Monash designs technology to map bullet trajectory

Monash University researchers are working on new technology that could one day help forensics track bullet paths in shooting victims.

  • Monash University researchers are working on new technology that could one day help forensics track bullet paths in shooting victims.
  • With further testing and upscaling, this technology could in the future reduce the need for post-mortems for shooting victims, and potentially improve evidence used in a court of law.
  • This technology aims to enhance current procedures in line with recent calls for improved forensic evidence practices.

Monash University researchers, in collaboration with industry partner Leidos, are working on new technology using machine learning and augmented reality that could one day help forensic investigators track bullet paths in shooting victims.      

In news that could fundamentally transform ballistics investigations in Australia and globally, Monash University and the Victorian Institute of Forensic Medicine (VIFM) are collaborating with the state coroner to develop this technology.

Information technology and biomedical research company Leidos has contributed $150,000 to the project. This contribution was made possible through the Monash Institute of Medical Engineering (MIME).

The project aims to use machine learning to create a digital 3D model of the human anatomy, including entry and exit wounds. This will allow investigators to record the trajectory of the projectile through the body, identify and localise projectile fragments, and may one day be able to assist in determination of projectile calibre and the range from which the projectile was fired.

With further development and industry support, it could also help investigators determine the type of gun used, and if the wounds were self-inflicted or resulting from attempted homicide.

“Ballistics in forensic medicine has traditionally involved fairly basic analytic techniques, which have not changed for a century,” Associate Professor Richard Bassed, the Deputy Director of VIFM, said.

“Before we had CT imaging, we were using x-rays to produce a 2D view of someone’s body, which made localising projectiles and fragments difficult without conducting an internal examination. Trajectory was determined using basic techniques such as long probes to determine a projectile’s path.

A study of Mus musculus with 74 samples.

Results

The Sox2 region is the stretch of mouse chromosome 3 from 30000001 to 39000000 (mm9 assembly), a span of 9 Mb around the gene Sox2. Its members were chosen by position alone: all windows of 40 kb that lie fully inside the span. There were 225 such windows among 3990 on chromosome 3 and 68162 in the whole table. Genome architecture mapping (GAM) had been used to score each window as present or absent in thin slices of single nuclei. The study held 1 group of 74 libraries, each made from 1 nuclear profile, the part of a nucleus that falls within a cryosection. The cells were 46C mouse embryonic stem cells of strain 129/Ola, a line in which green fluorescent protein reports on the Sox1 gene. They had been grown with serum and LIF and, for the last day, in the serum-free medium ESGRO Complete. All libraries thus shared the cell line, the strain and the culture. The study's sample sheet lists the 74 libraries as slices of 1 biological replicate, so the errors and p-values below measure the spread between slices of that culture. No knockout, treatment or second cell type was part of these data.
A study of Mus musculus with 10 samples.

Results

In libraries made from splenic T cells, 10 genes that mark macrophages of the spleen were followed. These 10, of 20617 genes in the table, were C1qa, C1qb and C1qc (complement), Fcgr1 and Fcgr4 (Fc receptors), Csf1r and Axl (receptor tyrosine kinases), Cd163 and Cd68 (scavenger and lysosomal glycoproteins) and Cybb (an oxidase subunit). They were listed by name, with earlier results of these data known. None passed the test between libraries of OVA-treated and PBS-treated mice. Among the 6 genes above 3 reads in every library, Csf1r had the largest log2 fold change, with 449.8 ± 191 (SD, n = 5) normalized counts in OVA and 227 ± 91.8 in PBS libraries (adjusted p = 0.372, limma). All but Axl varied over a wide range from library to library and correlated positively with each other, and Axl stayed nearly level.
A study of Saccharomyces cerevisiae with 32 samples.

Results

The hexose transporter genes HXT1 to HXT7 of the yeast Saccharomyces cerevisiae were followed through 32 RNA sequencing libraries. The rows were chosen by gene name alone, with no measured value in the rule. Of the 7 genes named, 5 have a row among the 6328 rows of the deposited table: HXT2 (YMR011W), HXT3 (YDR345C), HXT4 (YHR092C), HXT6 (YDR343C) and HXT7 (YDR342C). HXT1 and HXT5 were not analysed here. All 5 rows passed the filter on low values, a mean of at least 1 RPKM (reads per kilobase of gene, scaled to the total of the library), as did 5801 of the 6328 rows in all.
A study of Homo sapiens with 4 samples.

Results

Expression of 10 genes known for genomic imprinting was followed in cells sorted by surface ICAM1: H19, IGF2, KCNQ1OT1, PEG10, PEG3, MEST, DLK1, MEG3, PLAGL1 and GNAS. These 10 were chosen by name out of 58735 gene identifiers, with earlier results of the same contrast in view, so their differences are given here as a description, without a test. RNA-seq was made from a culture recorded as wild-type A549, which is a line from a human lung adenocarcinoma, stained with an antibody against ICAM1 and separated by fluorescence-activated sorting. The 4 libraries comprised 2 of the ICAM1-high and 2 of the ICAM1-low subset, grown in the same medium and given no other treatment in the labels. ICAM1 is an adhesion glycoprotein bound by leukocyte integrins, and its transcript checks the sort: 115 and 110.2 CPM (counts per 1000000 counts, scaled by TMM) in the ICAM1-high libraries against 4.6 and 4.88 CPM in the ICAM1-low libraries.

“Current imaging techniques can’t differentiate between bullet fragments and foreign metal objects, such as a pacemaker or dental fillings.

“This technology will allow us to make a 3D digital reconstruction of a shooting victim that we can then slice in multiple planes and directions using advanced computer graphics, including the use of augmented reality. We can then apply machine learning to determine trajectory and projectile fragmentation, and create a 3D-printed model that can potentially be used as evidence in a court of law.”

Chris Bain, Professor of Practice in Digital Health in the Faculty of Information Technology and Monash University’s Lead for Digital Health, said the project was just one example of how artificial intelligence and data science were transforming the digital health and forensic spaces.

“So, if we know the weapon and the damage it’s caused in the body, this technology could allow us to provide a more accurate representation of the range, distance and angle from which the bullet was fired,” Professor Bain said.

“This approach is much more scientific and rigorous than the way this procedure is currently performed, and fits with recent calls for improved forensic examination practices.

“The big picture is that post-mortems could be reduced for shooting victims, as this technology has the potential to scan and analyse the body, as opposed to the body being dissected. The technology could streamline workload and time efficiencies, and address any cultural sensitivities that may arise.”

Christine Zeitz, Chief Executive for Leidos Australia, said the group was proud to contribute to this groundbreaking research.

“The potential for this technology to influence the speed for making clinical decisions for better outcomes could be fundamental for the sector,” Ms Zeitz said.

“We’re also interested in how this research may influence the future development of health capability, particularly for our military and national security services.”

This initiative is one of the many ways Monash University is investigating the development and use of AI and machine learning for social good – one of the University’s core research pillars.